When last we left, Walt Disney Productions and Mickey Mouse were under attack from investor and corporate raider Saul Steinberg. Disney was an attractive target for a hostile takeover because it was really worth more in pieces then as a whole operation, and it appeared to be Mr. Steinberg’s intention to reap his profit by breaking up this operation and sell off the pieces. Actually, it is more complex than stated above:
In March of 1984 Disney blipped on Steinberg’s radar as a company with significant cash potential and a reduced stock value, and he began buying Disney shares at $50. In April he filed with the FTC and DOJ his intentions to buy as much as 25% of Disney’s shares. Within a week of that filing he owned 12.2% of Disney. Disney COB, Ray Watson, and CEO Ron Miller began to implement a first line of defense in this attack, by begin the acquisition of other companies in an effort to lessen Steinberg’s shares. In May, Disney agreed to buy a Florida based land-development firm, Arvida for 3.3 million shares, almost 10% of its stock. Steinberg sued to block the deal and lost in U.S district court. Disney then moved to acquire Gibson Greetings, as Cincinnati based producer of cards and wrapping paper, for about 6.2 million shares of Disney stock.
With these moves threatening to reduce Steinberg’s Disney holdings to under 10%, and the appearance that he was losing his bid to take Disney over, he launched into phase II of his attack, and this is where the idea that he was going to sell of pieces of the company for a profit. He formed MM Acquisitions (you’ve probably guessed it, but the MM stood for Disney’s own Mickey Mouse), and partnered with Kirk Kerkorian, the majority stockholder in MGM/UA, additionally enlisting investments from Fisher Financial and Development. These investment deals included options, for Kerkorian’s investment of $75 million, to buy the Disney Studios and film library for $448 million, and Fisher’s similar investment gave it exclusive rights to buy undeveloped land in Florida near Walt Disneyworld and Epcot, and the Disneyland Park in California. MM Acquisitions then offered to buy 37.9% of Disney’s stock for deal valued at about $970 million at the time. The offering price, per share, was a third higher than the stock price paid few months earlier. It was looking like this new offer had a good chance of succeeding, so in a series of meetings held in New York City, a deal was struck for Disney to buy back Steinberg’s approximately 4.2 million shares at a price of $70.83 a share or about $297.5 million, a 32 million dollar profit. Additionally, Disney agreed to pay another $28 million to cover Steinberg’s costs associated with the attempted hostile takeover. For this, Steinberg agreed not to acquire any Disney stock for at least 10 years.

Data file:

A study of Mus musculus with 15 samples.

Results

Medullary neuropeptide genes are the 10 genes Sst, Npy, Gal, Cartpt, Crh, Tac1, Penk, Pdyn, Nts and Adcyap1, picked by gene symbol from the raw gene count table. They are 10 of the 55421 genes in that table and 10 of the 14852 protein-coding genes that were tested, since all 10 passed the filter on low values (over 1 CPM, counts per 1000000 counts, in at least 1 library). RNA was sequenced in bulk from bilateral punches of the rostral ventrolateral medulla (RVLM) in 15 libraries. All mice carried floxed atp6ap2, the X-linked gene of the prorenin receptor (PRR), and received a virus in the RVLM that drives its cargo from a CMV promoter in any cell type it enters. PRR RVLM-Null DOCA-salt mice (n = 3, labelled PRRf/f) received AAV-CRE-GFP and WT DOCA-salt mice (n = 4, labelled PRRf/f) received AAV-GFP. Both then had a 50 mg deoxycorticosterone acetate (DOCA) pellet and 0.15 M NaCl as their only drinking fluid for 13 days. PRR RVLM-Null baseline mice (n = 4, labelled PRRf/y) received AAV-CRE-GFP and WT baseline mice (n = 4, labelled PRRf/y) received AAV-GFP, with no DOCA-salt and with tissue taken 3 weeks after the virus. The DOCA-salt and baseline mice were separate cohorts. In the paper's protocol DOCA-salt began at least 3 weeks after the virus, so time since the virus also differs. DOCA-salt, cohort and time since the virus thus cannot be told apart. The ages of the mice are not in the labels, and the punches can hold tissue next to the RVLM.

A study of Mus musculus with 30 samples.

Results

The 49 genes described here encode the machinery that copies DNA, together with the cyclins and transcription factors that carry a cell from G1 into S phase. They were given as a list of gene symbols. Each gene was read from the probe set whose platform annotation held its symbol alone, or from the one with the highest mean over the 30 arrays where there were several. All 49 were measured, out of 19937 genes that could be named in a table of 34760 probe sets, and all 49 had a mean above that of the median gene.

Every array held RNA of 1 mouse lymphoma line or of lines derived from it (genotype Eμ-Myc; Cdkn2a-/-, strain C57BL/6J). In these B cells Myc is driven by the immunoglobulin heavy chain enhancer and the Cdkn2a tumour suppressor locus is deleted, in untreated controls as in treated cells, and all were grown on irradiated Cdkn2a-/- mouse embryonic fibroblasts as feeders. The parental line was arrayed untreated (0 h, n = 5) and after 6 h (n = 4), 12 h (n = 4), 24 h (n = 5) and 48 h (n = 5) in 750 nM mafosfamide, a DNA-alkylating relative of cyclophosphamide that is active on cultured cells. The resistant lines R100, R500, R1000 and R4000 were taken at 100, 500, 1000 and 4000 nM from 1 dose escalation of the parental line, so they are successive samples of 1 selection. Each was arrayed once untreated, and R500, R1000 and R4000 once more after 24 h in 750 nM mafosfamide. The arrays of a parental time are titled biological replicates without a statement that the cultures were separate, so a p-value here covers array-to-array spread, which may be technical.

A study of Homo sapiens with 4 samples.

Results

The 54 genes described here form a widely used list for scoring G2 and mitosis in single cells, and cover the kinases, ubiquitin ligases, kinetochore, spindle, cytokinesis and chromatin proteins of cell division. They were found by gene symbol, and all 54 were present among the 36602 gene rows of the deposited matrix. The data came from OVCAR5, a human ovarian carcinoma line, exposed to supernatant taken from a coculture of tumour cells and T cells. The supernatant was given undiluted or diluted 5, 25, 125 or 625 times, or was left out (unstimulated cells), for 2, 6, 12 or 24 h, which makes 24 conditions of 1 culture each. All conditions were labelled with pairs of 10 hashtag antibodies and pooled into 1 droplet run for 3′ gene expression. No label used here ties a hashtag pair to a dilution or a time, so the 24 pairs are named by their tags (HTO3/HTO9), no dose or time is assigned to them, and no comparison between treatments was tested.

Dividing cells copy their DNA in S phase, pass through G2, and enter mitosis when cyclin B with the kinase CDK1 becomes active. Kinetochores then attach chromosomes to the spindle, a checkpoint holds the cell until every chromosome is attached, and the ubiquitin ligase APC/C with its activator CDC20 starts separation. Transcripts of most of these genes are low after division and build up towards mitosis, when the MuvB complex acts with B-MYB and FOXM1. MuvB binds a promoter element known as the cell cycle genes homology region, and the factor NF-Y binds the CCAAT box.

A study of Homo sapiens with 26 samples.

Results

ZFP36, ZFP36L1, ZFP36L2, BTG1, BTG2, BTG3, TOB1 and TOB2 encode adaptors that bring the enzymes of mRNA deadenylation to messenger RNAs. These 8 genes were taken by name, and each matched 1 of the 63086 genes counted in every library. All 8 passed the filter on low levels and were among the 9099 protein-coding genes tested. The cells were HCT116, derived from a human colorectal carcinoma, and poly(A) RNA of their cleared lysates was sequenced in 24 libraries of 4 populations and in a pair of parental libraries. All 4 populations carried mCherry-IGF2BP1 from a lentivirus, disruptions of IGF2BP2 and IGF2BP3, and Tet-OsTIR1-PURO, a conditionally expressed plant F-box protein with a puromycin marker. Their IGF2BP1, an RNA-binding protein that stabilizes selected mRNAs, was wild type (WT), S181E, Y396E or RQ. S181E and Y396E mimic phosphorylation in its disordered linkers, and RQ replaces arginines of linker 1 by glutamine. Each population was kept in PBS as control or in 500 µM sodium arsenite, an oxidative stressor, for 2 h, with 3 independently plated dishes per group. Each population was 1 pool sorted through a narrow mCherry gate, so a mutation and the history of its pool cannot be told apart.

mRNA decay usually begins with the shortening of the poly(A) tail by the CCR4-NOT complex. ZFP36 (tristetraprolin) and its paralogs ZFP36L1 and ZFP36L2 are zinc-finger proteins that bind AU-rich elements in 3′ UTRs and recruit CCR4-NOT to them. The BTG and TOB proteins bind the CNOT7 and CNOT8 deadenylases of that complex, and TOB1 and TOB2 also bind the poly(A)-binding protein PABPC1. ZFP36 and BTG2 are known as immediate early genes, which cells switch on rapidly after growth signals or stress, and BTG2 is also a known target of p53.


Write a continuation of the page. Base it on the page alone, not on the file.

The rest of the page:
With the immediate crisis averted, Disney’s other stockholders and institutional investors were up in arms at Disney’s management acquiescence to this successful greenmail effort and the cost to their investments. While Saul Steinberg reaped a healthy profit of nearly 10% for his “investment”, within days of the deal being struck, Disney stock drop $16 to $49.50, and almost 5% loss for all other investors. An almost 32% loss if you gauge it from the price that Steinberg was offer for his shares. Disney’s management had escaped to hostile takeover attempt with their jobs, for the time being, but, a new hazard loomed on the horizon for management. While Disney management was fending off this hostile takeover, another was in the works from within the walls of Disney. Roy E. Disney, son of founder Roy O. Disney, had left the day-to-day management of the company years earlier over concerns for the company’s direction, resigned the position he still held on the Disney Board, after bringing arranging for the Bass family to come as White Knight investors during the Steinberg bid to take over the company. As still a significant minority interest stockholder, Roy launched his first Save Disney campaign after resigning. Recognizing that Disney management had been seriously weaken by the Steinberg assault, the resulting deal, and stockholder anger, Roy E. enlisted the help of the Bass family, now the largest holder of Disney stock, and board member Stanley Gold to usher in new management for the company. At Roy’s urging, COB Raymond Watson and President and CEO Ron Miller were replaced with the team of Michael Eisner as COB and CEO, and Frank Wells as President and COO. While I can’t find support for a claim that it was a quid-pro-quo arrangement, but, for his efforts, Roy E. Disney was reinstated as a board member and made Vice Chairman of the Board.
Next we’ll start exploring the Eisner/Wells era at Disney, but first I’m going to catch up on some of the happenings at the Museum.